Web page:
Home Page: Every web site, regardless of size, has an entry page called a home page or welcome page. This is where the main or only navigation menu is usually placed. It is the internal link point to all other pages in a site. The home page must be visually pleasing, orderly, concise and useful so the web surfer will be drawn into the web site.
Index Page: Large web sites often benefit from having an alphabetical index of their web page content with hyperlinks to the pages.
Tour Pages: Almost any business with a physical address needs to provide a visual display of its atmosphere in-house in order to give the web surfer a feeling of being there.
Catalog Pages: Although not usually called "catalog pages" the heart of your site is the main collection of pages which reveal the goods or services which are offered by your business. They are much like the 4 color catalog pages you'd have a printer make. They can be one page or a thousand. A small specialized concern typically has a handful of illustrated pages revealing their specialties or what is most unique to their concern. A corporate behemoth may have tens of thousands of web pages offering free technical info and product specifications.
Announcement and Calendar Pages: Normally you want one or two announcements on the home page. Anything more than that should go onto a special page.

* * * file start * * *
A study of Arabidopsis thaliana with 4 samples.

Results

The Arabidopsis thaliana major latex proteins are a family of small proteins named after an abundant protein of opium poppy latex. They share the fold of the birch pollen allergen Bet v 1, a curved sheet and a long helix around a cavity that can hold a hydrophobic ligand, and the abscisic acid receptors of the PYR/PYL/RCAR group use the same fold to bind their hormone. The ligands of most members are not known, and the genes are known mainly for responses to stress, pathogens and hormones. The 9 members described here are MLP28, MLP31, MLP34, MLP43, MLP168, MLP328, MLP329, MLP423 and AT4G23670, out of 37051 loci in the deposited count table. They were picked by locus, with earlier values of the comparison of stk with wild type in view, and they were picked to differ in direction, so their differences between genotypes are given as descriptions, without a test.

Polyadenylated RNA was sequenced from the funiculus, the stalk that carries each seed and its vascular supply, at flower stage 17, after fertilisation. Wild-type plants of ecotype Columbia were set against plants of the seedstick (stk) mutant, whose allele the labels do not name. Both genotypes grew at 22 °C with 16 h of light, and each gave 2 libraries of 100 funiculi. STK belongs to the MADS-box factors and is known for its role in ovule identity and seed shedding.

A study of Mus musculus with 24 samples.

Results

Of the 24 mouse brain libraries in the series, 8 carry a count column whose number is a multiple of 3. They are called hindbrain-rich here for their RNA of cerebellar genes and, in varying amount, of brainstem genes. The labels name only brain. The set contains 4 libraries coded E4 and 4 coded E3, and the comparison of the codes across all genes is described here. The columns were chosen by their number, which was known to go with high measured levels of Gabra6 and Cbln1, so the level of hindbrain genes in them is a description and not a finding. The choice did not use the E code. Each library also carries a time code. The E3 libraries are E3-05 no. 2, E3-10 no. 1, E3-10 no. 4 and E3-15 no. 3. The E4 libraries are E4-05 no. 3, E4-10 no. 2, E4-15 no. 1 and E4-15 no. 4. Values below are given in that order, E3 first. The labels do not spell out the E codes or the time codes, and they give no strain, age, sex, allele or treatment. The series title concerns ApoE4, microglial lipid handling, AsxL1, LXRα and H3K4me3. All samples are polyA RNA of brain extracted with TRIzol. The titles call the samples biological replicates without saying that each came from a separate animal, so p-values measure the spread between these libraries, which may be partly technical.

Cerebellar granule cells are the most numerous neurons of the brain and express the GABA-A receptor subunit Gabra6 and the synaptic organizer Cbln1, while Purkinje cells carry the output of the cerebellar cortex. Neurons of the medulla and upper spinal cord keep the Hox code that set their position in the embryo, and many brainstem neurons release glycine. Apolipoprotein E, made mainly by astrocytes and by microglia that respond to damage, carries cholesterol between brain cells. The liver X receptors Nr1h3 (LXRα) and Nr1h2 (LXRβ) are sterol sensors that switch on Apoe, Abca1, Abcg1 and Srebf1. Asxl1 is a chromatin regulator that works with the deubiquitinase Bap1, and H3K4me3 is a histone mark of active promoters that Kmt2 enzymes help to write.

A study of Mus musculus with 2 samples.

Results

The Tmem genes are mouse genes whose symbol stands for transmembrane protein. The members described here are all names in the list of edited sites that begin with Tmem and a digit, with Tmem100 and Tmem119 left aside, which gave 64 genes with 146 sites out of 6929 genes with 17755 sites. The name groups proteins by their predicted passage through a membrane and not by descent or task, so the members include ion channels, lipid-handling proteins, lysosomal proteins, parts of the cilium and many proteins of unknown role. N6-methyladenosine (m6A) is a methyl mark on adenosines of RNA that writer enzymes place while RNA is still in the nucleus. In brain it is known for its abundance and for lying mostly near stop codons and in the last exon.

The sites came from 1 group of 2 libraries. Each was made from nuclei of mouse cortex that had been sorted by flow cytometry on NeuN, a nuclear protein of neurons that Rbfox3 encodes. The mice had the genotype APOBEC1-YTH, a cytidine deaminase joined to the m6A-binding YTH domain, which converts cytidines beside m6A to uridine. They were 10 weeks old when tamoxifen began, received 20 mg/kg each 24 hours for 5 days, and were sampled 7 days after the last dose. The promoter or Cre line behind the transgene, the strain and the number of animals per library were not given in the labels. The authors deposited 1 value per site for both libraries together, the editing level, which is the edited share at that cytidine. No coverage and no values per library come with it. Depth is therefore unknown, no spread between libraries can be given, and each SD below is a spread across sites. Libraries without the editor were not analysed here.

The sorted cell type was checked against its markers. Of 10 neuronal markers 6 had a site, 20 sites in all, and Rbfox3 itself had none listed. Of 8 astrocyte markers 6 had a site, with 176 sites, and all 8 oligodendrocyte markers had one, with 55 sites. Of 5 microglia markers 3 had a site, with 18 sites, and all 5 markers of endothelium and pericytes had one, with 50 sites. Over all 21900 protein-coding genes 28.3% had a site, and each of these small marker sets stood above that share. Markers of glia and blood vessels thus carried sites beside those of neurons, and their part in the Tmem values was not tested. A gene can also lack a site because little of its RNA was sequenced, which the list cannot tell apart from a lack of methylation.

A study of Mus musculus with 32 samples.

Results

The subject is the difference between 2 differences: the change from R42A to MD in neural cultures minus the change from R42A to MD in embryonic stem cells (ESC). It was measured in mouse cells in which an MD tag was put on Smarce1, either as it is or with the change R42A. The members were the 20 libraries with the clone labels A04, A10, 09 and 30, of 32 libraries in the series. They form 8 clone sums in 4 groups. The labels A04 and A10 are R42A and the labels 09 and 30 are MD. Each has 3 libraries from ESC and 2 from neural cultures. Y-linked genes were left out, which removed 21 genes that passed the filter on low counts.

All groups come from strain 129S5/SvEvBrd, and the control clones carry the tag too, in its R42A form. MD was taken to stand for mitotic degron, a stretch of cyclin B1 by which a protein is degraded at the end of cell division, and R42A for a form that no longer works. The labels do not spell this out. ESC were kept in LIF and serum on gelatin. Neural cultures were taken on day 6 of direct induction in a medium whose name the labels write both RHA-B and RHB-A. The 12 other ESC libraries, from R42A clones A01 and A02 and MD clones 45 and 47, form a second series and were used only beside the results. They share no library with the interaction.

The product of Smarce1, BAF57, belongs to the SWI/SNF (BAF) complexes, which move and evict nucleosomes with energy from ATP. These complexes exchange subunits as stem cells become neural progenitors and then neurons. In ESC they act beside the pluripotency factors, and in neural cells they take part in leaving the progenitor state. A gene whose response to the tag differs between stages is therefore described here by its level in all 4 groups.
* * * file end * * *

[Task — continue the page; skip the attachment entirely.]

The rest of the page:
Bio "About Us" Page: Discerning clients and customers often want some background history and a declaration of your mission. They want to know when your biz was founded, what awards you may have received, what verifiable superlatives you claim, and what you enjoy about the business and your patrons.
Free Advice or 'FAQ' Pages: Web surfers use the Net to save a bundle by taking advantage of free advice wherever they can find it. Such pages provide a feeling of goodwill to prospective and previous customers and a reason to come back to your web site. For example an art gallery might offer advice on the care of priceless paintings, how to move and store them, and insurance pointers. An interior decorator or Oriental rug merchant might offer tips on lighting and display arrangements. A law or accounting firm might provide some free clues on protecting your assets. (Note: The term FAQ means Frequently Asked Questions.)
Guest Register: Concerns which send out e-mail notices to customers and friends will find it beneficial to have a form which allows web surfers to subscribe. This is the electronic equivalent of building up a mailing list from a guest book placed inside an art gallery or the showroom of an interior decorator. It is a legitimate way of conducting low cost promotion which does not involve the offensive tactic of 'shotgun' advertising using junk e-mail to just anyone (aka spam). The guest register form queries the interested web surfer into providing answers to specific questions in fields. This may include name, e-mail address, referral source, demographic question items, and specific interests and preferences. The form is then sent to you as e-mail.
Links Page: Most web sites provide external links to the web sites they feel worth promoting. Although the downside is web surfers leaving your site, the upside is they will come back just for your exquisite link collection alone. The key here is to link only what is truly special. This usually requires inside trade knowledge or some online research.